Thorough exploration of these songs by means of social network analysis of co-occurring references, bar graphs, and analyses of each reference subject shows that these artists are in fact presenting militant Slavic Nationalism. The subjects they frequently refer to and the values they are promoting to their wide listener base of Russian-speaking youth clearly correspond to the traditional ideology of Slavic supremacy.


Below is a list of all the references in the songs with a count of their overall frequency in the corpus. The positive and negative percentages show the proportion of said references that presents the subject in a positive or negative light. If the percentages do not add up to 100, the remainder is neutral, which was ambiguous. The corresponding descriptions summarize the meaning of the references and show how they communicate Nationalist rhetoric.


Our research endeavors have served to support and illuminate our initial hypothesis. Our primary references ended up as war, strength, and violence, all themes closely linked with one another and heavily emphasized by the three artists, although each takes specific contexts in the cultural framework in which these artists are working (explained in greater detail above). It may seem surprising that war is portrayed in a positive light. However, these artists frequently use metaphors of war to portray foreigners, substance abusers, politicians, and anyone with whom they disagree, as an enemy that must be defeated. The common references to war show a strong underlying "us vs. them" mentality, with the "us" consisting of members of the Russian or Slavic race who are fighting to defend their country. These themes are further strengthened by common references to collectivism and brotherhood. See our references page for examples of these and other references.


References to drugs and alcohol were also frequent, as initially suspected, with a negative connotation for both as indicated by the large number of negative attribute values in these songs (for instance, only one reference does not have a negative attribute value in both "Алкотестер" and "228 это статья такая," which are primarily concerned with alcohol and drugs, respectively) and war, with a positive connotation shown by the opposite occurrence. Because most of these artists’ songs are part of a sub-genre of Russian rap that promotes a healthy lifestyle, they repeatedly portray drugs and alcohol in a negative light in an attempt to discourage listeners from abusing these substances. These artists are trying to counter what they approach as the cultural popularity of drugs and alcohol among Russian-speaking youth by means of sarcasm, mockery, and scorn of their users.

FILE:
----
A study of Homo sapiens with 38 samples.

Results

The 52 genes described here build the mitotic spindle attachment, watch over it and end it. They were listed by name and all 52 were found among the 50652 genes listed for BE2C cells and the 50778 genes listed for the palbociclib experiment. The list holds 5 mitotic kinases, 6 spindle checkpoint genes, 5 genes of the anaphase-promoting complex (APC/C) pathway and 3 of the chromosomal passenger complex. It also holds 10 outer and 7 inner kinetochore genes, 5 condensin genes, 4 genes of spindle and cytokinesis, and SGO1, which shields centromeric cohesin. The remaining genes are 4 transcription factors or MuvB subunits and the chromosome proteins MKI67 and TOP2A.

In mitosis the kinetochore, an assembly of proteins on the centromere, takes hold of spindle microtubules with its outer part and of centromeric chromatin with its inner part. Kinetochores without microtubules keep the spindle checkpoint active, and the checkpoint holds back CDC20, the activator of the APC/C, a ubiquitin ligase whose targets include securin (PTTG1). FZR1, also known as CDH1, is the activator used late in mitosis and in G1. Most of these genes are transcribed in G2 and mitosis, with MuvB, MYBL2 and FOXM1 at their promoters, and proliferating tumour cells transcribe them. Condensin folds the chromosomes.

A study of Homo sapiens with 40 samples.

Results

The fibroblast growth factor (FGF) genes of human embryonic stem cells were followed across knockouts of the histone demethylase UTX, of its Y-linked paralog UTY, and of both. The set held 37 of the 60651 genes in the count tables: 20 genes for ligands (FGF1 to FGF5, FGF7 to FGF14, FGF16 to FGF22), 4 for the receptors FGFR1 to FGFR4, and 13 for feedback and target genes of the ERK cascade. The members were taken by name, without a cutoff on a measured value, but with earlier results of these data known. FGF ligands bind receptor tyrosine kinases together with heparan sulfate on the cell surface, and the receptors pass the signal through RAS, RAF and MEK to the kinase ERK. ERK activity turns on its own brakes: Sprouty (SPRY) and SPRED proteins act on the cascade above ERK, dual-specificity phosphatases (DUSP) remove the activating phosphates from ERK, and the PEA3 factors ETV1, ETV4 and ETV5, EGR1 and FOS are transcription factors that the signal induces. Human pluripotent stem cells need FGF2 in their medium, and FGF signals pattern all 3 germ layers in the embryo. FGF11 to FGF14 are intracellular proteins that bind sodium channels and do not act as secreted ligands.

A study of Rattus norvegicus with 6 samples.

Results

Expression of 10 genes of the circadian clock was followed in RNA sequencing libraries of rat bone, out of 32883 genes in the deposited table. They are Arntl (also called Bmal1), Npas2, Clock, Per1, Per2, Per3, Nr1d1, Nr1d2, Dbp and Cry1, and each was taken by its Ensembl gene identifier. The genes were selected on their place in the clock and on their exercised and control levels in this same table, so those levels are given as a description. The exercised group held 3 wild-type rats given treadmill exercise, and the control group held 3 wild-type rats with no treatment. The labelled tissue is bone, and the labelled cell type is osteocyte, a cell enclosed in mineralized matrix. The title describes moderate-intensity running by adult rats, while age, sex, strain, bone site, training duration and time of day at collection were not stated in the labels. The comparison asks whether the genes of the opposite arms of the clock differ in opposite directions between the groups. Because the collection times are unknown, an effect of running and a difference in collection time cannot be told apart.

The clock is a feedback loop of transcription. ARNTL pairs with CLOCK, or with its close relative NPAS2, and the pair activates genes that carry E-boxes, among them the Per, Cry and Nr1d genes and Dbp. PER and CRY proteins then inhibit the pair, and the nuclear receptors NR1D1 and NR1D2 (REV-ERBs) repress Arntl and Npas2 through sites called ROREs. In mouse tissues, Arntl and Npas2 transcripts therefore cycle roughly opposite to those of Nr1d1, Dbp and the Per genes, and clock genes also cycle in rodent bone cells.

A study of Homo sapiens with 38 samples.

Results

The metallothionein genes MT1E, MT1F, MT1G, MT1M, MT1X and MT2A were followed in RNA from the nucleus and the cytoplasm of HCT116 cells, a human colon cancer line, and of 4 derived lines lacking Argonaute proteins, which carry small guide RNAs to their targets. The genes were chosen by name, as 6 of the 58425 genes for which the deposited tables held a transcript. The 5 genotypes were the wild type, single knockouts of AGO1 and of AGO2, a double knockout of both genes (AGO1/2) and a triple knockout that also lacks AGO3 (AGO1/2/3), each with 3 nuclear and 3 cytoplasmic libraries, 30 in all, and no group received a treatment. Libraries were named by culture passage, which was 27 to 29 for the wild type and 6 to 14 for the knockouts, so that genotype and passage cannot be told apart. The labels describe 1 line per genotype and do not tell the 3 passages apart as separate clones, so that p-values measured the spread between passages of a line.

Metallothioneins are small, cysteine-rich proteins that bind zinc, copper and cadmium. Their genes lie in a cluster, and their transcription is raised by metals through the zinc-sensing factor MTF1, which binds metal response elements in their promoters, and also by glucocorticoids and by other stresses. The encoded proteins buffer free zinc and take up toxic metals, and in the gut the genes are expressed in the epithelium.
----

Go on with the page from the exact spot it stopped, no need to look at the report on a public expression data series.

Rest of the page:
One of the things we were most interested in were the connections between various references; which references frequently occurred in the same songs, and what this might reveal about the reasons used to motivate action and change in listeners. To explore this, we used Gephi to create a social network graph displaying these relationships, which can be viewed here. This provided important insight into the strength of connection between various themes in our corpus and some unexpected and interesting perspectives; for instance, strength has a strong connection to war, which is reasonable, but it also has a strong connection with religion, a less expected and wholly more intriguing connection. An interpretation of these types of connections reveals some of the subtler themes coursing through this decidedly brash genre.

Clinging tightly to idealized tradition with selective historical nostalgia, Nationalist rappers are reacting to inevitable globalization in the only way they know how——advocating war and closed-minded rejection of new ideas. Although they aren’t necessarily urging their listeners to start a war, the constant metaphors and reminders to be prepared for a fight are sure to invoke a mindset of cross-cultural animosity that could easily erupt into large-scale violence.


The strong beats and lyrical artistry of this new style of music that has lost all connection to its minority roots strongly appeals to young people, providing them with a stable identity as members of the Slavic nation and laying out a clear course of action for self-improvement. They promise listeners that cultivating a strong body and soul and selflessly defending the collective will give their lives meaning and purpose. The amount to which these powerful but sinister messages in Healthy Lifestyle Rap influence the young generation will determine the fate of Russia.

Future Developments

Only one English translation has been completed so far (click here), but we intend to periodically update this site with additional translations to increase accessibility to non-Russian speakers. Further research on this topic could focus on tracing the origins of these ideas to various influences throughout Soviet and Russian history, along with observing the ramifications of this genre on society and youth culture, as popular, influential, and polarizing as it is.